League of Women Voters 2009 Voter Guide

The League of Women Voters offered all candidates the opportunity to answer a few questions for an online Voter Guide. There’s no direct access to the First Ward races, but it’s pretty easy to find them. Go here and enter your ZIP code to get started.

To save you a few clicks, here’s what I had to say:

1.  Relevant Experience:

Two terms as Audubon Neighborhood President, and two terms as Treasurer. Ten years on our neighborhood Board. Currently Land Use Committee Chair. Participant in many community planning initiatives. Led survey of Latino housing needs. Served on the City’s Community Engagement Task Force. Founding volunteer of Northeast Citizen Patrol.

2.  Education:

B.S. in Economics from the U of M. Graduate of De La Salle High School. Attended Kenny for elementary and Anthony for junior high. Neighborhood organizer and financial training through NRP. Completed coursework to become a life coach. As an entrepreneur, I have learned many things they don’t teach in schools.

5.  What issues do you think the city will be facing in the next 4 years?

Our city is facing a huge loss of revenue. City Hall is on an unsustainable fiscal path. The City Council cannot keep spending as it has without imposing more tax hikes that will drive more people out their homes and businesses. Another wave of home foreclosures looms.

Much commercial property is also at risk of default. Other levels of government face the same basic problem of diminishing revenue, so State and Federal support to the people will be reduced. Burdens will shift to City Hall. To preserve our quality of life as City Hall necessarily shrinks, our people will have to step forward and do more for each other and our communities. We need a City Council that trusts and supports the people to do good for each other. The Council must finally follow its priorities and properly provide basics first. City Hall must support economic activity, not drive it. This an opportunity to return power to our people and our neighborhoods.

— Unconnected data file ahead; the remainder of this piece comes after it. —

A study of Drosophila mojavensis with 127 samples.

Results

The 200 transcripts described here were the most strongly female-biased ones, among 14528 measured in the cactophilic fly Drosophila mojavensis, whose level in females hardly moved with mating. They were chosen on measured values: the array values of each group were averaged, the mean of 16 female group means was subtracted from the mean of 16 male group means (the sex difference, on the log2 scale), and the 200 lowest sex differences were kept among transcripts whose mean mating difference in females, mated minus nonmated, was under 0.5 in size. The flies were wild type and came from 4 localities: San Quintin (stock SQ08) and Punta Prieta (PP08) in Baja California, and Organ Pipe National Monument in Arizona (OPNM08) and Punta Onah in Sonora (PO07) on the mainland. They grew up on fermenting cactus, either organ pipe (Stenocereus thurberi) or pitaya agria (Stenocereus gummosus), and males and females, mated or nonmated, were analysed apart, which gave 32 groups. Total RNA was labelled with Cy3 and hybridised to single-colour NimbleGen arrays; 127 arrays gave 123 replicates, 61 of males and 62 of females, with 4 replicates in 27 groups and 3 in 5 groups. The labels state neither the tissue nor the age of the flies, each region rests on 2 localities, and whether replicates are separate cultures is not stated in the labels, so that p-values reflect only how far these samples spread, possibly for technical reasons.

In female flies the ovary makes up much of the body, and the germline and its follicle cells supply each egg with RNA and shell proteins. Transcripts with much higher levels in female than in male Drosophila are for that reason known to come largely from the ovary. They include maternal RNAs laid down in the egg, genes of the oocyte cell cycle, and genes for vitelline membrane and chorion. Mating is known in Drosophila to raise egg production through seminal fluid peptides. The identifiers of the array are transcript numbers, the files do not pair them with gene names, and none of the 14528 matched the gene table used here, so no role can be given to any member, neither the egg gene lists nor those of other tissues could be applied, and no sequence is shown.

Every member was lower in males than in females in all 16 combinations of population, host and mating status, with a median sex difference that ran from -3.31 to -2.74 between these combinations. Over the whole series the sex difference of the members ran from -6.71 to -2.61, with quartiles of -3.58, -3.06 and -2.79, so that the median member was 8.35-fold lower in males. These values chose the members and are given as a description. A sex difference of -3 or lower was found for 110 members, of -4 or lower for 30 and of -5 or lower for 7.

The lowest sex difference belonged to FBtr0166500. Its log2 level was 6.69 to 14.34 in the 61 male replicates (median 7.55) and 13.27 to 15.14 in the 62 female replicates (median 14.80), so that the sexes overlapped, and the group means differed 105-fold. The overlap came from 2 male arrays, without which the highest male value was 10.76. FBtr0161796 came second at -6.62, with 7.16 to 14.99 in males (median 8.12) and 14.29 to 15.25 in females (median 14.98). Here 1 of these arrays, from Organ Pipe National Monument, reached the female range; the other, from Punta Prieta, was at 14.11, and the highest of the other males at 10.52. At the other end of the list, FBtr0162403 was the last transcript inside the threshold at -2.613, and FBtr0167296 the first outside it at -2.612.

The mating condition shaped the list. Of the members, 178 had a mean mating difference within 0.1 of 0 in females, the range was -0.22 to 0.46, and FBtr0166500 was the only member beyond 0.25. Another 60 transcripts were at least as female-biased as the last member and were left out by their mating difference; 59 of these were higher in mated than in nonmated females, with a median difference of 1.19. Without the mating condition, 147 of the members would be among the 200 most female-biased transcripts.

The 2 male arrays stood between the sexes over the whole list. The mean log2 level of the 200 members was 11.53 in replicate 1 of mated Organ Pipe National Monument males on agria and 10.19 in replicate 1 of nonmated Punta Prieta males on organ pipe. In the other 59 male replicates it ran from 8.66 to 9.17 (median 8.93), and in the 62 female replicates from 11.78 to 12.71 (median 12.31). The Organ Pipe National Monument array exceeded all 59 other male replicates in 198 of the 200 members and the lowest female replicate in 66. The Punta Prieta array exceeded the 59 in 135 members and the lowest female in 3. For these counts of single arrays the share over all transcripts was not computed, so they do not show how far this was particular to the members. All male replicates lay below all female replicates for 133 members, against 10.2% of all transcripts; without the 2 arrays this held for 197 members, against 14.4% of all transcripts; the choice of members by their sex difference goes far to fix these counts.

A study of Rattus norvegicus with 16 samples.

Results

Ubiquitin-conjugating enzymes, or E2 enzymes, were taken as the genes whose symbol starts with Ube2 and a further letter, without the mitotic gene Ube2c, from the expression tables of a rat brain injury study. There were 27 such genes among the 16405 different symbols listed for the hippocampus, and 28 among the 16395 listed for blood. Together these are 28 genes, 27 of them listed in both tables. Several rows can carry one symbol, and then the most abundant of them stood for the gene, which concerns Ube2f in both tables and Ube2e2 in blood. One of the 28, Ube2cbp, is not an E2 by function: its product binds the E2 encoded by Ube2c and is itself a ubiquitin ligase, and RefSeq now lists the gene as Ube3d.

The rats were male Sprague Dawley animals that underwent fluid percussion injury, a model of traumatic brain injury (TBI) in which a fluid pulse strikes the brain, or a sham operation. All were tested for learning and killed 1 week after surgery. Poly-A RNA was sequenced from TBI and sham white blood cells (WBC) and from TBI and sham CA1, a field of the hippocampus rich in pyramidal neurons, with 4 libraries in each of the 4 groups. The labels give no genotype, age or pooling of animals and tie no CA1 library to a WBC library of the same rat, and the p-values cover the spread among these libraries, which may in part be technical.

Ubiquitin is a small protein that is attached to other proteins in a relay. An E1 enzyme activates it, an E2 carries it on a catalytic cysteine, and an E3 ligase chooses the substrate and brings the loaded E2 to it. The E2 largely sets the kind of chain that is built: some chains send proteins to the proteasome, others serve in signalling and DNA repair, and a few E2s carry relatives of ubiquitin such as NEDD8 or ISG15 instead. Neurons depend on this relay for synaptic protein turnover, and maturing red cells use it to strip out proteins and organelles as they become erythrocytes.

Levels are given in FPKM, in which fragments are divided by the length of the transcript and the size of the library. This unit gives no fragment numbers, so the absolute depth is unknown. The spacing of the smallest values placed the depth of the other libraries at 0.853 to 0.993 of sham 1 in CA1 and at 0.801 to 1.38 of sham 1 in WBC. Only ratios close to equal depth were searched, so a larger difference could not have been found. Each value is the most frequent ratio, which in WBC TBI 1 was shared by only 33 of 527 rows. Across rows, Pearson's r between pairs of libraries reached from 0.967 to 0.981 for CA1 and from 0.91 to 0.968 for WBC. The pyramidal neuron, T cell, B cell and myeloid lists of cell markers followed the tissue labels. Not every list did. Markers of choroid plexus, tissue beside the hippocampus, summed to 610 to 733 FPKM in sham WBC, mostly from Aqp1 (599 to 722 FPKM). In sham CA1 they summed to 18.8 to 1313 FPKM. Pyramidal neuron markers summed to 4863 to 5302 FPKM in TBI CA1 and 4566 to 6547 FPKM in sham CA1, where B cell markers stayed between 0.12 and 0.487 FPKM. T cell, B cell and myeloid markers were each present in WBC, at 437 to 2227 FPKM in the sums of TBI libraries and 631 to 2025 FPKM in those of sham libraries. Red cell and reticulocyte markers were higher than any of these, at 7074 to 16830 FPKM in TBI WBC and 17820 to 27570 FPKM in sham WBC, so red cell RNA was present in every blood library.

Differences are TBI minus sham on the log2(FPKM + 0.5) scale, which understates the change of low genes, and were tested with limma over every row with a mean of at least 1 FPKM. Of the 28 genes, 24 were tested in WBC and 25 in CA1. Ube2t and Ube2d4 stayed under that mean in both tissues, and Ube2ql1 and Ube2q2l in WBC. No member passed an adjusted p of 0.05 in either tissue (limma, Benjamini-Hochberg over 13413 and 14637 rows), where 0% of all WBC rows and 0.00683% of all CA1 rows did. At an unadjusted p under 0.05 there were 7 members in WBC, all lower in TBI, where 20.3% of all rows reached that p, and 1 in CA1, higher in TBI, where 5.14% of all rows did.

6.  Is city zoning adequate, or should it be altered? How would you see this affect retail, neighborhoods, business development, etc.?

Our city has adopted a vision for smart growth in a mature urban environment. It’s called the Minneapolis Plan, and current zoning does not accurately reflect it. Zoning should be updated to align with our vision. Our greatest asset is our people, and we must make room for more of them. This means density, and it’s in the Plan. Unfortunately, many folks fear density. Neighbors and neighborhoods must understand that there is good density. Sustainability depends on it. Retail flourishes with more customers close by. Jobs are created by the investment that follows growing populations. We can grow without overwhelming our quality of life. I believe there is room for everybody. The Plan preserves the traditional fabric of our neighborhoods by increasing density only along transport corridors. People must be empowered to determine how much and how fast, but keeping our big-city amenities depends on growth. Smart rezoning can guide and inspire that needed growth.

7.  What are your ideas to increase city revenues and decrease city expenses?

We can decrease City Hall’s financial footprint on the public by electing a government that tackles basics first. City Hall’s job is to provide infrastructure, to protect us, and to enforce our obligations. Development is not a core service. Let’s unwind CPED and empower community-based development. Entertainment is not a core service. Let’s sell Target Center and retire the debt. Tourism is not a core service. Let’s look at selling the Convention Center. With a few bold strokes, we can shrink City Hall by $200M (about 15%). Costs should be paid by those who benefit. We all benefit from core services. But if policing downtown crowds leaves our neighborhoods unprotected, and if rebuilding downtown streets means potholes everywhere else, we have to find a better balance. Entertainment taxes on large venues and targeted use taxes can help. Vacant properties also wrongly shift burdens. Let’s fight blight by taxing property that’s used well below what zoning allows.

We were allowed a given number of characters for each response. I used all the space they offered. The strange numbering of the questions (there’s no #3 or #4) is how the LWVMN set things up.